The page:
Early childhood development

As part of our research on making care visible, we examined state-owned public policies and programmes in two sectors where the provision of unpaid care is indisputably a factor in determining both uptake and outcome of services - early childhood development (ECD) and social protection. A literature search was undertaken for these two sectors covering all low- and middle-income countries for the past 20 years, with reference to documentation also available on the internet. The review considered the extent to which policies and programmes in these sectors are being designed and implemented in ways that address unpaid care concerns and give the issue greater visibility. To find out more read our Thematic Review on Public Policies Related to Care and our policy brief Connecting Unpaid Care Work and Childhood Development for Gains in Women's and Children's Rights. 

Policy findings on early childhood development

Women’s rights and children’s rights directly influence each other. Childcare responsibilities, for instance, directly impact how and what paid work women are able to do. This is why a focus on ECD goes hand in hand with making positive changes in unpaid care.

  • In a review of 263 ECD policies in low and middle countries, only 40 explicitly recognised the link between unpaid care and ECD
    ECD programmes that do not recognise unpaid care are unlikely to succeed, especially if they result in an increased burden for women.

  • ECD programmes need to encourage fathers to recognise their joint childcare responsibility and to take an active role in doing their share.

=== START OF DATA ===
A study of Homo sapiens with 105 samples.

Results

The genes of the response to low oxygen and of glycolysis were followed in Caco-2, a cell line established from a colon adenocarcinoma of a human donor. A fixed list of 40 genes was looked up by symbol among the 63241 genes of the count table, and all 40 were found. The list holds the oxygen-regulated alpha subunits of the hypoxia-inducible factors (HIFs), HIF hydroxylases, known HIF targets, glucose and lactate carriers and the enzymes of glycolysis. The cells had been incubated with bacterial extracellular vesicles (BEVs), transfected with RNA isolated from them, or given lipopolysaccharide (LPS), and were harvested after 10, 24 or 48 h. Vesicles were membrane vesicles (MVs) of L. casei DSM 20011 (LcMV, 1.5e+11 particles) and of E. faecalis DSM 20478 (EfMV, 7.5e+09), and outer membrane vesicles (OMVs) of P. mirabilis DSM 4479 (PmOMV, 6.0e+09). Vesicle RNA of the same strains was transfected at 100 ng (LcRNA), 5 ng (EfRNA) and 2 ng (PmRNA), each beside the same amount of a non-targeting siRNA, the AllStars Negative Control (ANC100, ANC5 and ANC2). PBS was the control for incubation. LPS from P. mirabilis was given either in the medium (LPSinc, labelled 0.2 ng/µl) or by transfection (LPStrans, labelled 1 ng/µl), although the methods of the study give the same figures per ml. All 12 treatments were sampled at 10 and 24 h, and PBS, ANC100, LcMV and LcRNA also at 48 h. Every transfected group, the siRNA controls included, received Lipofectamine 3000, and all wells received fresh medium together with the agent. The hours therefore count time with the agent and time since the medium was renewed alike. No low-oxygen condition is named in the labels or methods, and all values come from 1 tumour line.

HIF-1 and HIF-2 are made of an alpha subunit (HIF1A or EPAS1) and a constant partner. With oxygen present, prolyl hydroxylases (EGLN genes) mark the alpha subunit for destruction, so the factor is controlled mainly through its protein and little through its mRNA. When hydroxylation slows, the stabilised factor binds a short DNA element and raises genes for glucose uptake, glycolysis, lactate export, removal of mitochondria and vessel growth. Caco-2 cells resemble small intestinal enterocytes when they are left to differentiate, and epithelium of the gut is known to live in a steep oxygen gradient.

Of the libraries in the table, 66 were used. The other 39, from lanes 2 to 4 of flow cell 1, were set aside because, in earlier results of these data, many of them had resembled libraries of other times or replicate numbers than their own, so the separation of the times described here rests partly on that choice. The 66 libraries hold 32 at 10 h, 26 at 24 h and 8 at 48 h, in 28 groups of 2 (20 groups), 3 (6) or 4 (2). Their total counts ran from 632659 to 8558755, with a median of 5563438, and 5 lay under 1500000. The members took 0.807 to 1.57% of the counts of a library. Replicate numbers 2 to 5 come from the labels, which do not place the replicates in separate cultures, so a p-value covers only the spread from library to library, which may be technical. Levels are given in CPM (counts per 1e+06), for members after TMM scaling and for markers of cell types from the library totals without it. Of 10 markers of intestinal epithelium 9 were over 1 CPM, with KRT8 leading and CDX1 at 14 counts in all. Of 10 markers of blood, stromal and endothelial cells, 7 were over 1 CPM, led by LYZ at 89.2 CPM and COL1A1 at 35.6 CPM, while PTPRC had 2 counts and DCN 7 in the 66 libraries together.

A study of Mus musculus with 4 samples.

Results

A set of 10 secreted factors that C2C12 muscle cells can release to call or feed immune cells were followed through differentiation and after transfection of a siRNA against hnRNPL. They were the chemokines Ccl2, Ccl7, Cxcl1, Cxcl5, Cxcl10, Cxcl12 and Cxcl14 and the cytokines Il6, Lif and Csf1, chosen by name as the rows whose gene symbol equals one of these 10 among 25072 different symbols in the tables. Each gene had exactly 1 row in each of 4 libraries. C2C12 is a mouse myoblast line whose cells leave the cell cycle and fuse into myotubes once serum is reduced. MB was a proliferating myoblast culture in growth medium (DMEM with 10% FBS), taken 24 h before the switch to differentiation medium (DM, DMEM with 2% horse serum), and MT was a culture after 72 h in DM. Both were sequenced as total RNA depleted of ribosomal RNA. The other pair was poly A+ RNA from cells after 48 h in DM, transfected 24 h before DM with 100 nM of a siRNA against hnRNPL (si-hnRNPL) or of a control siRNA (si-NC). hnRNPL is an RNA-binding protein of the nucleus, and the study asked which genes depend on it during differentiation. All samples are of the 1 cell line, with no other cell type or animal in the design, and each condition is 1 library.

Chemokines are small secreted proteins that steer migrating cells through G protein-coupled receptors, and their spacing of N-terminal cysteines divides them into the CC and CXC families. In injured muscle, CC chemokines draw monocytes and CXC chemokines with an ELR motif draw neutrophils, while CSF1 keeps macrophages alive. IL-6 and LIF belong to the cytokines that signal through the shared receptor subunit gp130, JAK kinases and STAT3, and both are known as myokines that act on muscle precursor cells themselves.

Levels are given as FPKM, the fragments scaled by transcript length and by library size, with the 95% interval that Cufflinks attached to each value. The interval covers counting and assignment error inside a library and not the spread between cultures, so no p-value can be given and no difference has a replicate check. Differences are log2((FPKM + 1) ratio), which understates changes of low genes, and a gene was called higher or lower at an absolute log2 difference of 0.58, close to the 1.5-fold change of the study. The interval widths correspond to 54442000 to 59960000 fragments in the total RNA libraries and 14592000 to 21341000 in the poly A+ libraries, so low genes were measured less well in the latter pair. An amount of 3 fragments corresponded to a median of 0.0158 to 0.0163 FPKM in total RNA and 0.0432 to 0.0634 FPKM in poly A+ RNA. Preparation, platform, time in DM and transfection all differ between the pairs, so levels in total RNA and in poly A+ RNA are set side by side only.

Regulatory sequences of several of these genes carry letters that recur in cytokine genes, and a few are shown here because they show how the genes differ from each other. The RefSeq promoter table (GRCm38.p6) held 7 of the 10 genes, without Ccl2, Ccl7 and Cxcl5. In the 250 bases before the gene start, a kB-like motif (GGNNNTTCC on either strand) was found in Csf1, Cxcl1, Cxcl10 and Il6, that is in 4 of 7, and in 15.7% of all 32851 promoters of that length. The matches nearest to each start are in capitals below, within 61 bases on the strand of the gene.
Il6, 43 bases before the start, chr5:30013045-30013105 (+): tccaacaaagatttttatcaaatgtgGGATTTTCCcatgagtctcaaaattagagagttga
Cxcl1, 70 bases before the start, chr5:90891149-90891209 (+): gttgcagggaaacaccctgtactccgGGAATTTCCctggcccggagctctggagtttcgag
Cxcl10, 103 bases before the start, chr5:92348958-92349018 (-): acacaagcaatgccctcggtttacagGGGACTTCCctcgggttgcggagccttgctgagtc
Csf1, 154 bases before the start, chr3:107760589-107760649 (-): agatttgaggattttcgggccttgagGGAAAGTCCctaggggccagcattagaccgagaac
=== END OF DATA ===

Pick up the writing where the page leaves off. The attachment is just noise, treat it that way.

A good example is Ukraine where ‘Papa Schools’ provide training for fathers to increase their childcare role with the overarching aim of challenging gender stereotypes.
     
  • Recognising the role of the state and communityin ECD is crucial. 
    Public financing for quality, local childcare provision with flexible opening hours to suit working parents is essential.
We are developing a database of policies and programmes on early childhood development. The database, which will contain the data refered to in the thematic review mentioned above, will be published here in April 2016. It will highlight which policies and programmes take unpaid care work into consideration and indicates the extent to which they recognise women’s unpaid care work, reduce the drudgery associated with performing care and/or redistribute responsibilities for care (e.g. towards the state, community, men.)

The links between unpaid care, women's rights and children's rights

Early childhood development (ECD) programmes provide childcare as well as early learning; they can also improve sanitation, and provide vaccines and oral rehydration salts (ORS), which reduce childhood illnesses. Unpaid care is a clear factor determining both uptake and outcome of ECD services, and  women’s rights and children’s rights directly influence each other. However, there have not been many successful attempts to tackle the two agendas collaboratively. 
 
Integrating unpaid care concerns into early childhood development policies has the potential to positively reinforce both women’s and children’s rights. Addressing this challenge involves recognising the value of unpaid care work in relation to childcare, redistributing childcare responsibilities from women to men, and recognising that responsibility for children goes beyond the immediate family to the collective community and the state.